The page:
ATLANTA -- The ability to work together as a unit is one factor that’s stressed by every football coach in the country. But perhaps the area where it is truly the most important is on the offensive line, where several 300-pound men are expected to move in tandem without getting in their own way.
That may be even more important at Georgia Tech, which runs an option offense that’s predicated on precise movement. A blocker who is in the wrong place or who turns the wrong way can cause a play to blow up and lose yardage -- or cost his team a turnover.
Such precision is a goal this spring for the Yellow Jackets’ offensive line, which lost two starters from the 2010 season -- All-ACC center Sean Bedford and fellow three-year letterman Nick Claytor. If Georgia Tech is to make the offense resemble the one that won the ACC championship two seasons ago, it will need the line to return to form.
“The offensive line is unique compared to other positions,” redshirt sophomore guard Will Jackson said. “You’ve got to have five guys working in unison, and there’s definitely been pressure to get that done. We’re working at it.”
“I know it sounds like a cliché, but it’s true. You’ve got to be able to know where your teammate is going to be,” Jackson said. “It’s all about chemistry and I think our chemistry has been getting better since day one. We’re starting to know each other.”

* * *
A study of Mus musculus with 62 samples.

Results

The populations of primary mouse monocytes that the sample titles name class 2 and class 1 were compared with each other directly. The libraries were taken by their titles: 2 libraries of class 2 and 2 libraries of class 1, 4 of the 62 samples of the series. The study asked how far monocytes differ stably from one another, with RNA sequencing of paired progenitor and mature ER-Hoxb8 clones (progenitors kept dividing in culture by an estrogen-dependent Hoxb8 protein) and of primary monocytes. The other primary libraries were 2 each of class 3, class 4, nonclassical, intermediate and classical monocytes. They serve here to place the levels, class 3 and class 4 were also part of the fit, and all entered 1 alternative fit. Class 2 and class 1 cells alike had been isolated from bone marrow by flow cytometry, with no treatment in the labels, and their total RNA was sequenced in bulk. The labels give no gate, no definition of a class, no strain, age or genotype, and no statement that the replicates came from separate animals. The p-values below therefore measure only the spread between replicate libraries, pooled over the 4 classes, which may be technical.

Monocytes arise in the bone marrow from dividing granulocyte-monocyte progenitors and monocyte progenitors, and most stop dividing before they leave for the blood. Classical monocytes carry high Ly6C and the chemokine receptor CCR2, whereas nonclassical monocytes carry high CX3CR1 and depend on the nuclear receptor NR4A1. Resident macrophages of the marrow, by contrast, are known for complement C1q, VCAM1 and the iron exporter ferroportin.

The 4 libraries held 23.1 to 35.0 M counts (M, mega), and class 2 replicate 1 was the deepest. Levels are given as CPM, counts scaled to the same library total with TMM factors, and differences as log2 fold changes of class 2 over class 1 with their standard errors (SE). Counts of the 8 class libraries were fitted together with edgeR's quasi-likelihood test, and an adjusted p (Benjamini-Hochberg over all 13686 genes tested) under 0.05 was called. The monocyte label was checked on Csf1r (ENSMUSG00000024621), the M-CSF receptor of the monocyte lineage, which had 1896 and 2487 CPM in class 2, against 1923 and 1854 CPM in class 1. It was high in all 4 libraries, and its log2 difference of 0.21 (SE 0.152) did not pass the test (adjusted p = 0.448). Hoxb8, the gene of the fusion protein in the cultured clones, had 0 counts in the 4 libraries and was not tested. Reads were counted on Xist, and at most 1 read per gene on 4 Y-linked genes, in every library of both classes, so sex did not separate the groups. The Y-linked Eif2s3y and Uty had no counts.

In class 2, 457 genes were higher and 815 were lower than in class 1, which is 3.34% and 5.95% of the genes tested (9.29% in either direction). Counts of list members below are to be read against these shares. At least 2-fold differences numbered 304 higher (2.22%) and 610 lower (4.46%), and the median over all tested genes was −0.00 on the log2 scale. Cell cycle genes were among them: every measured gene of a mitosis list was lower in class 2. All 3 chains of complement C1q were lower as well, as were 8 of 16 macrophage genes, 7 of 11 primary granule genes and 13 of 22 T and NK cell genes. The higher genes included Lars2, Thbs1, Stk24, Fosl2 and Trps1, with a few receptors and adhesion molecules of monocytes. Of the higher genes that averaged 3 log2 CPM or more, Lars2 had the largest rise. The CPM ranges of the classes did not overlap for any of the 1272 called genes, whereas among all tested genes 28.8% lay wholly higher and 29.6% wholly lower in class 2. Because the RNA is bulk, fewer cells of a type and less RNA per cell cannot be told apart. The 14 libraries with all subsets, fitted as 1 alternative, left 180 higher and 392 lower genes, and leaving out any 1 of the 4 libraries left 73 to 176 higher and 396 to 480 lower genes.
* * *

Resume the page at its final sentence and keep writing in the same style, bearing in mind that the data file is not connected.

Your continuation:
Jackson, a 6-foot-3, 285-pound native of Knoxville, Tenn., has had high expectations thrust upon him. He was a first-team freshman All-American, a member of the ACC All-Academic team and helped the Yellow Jackets lead the NCAA in rushing offense.
But it wasn’t an easy year for Jackson, who injured his ankle against South Carolina State and admitted he tried to come back too soon. It bothered him the rest of the campaign. Jackson then hurt his shoulder against Virginia Tech and had to deal with that the rest of the year.
He worked hard to rehab his ankle; Jackson said he had treatment four times a day the next week. His parents encouraged him to be patient and give the injury more time to heal. He sat out the Kansas game and was back the next week against North Carolina.
“My parents told me I was a little stubborn, that I should have sat out another game, but I didn’t come here to sit out,” Jackson said.
He dinged the ankle again against Wake Forest and missed the Virginia game.
With Jackson healthy and able to play every game, the Yellow Jackets will be a step closer to rebuilding their line. It won’t be easy to duplicate last year’s 323.3 rushing yards per game, but solid play from the line could make it closer to becoming reality.
“We’ve been getting better,” he said. “Our goal is to be ready when the season opens.”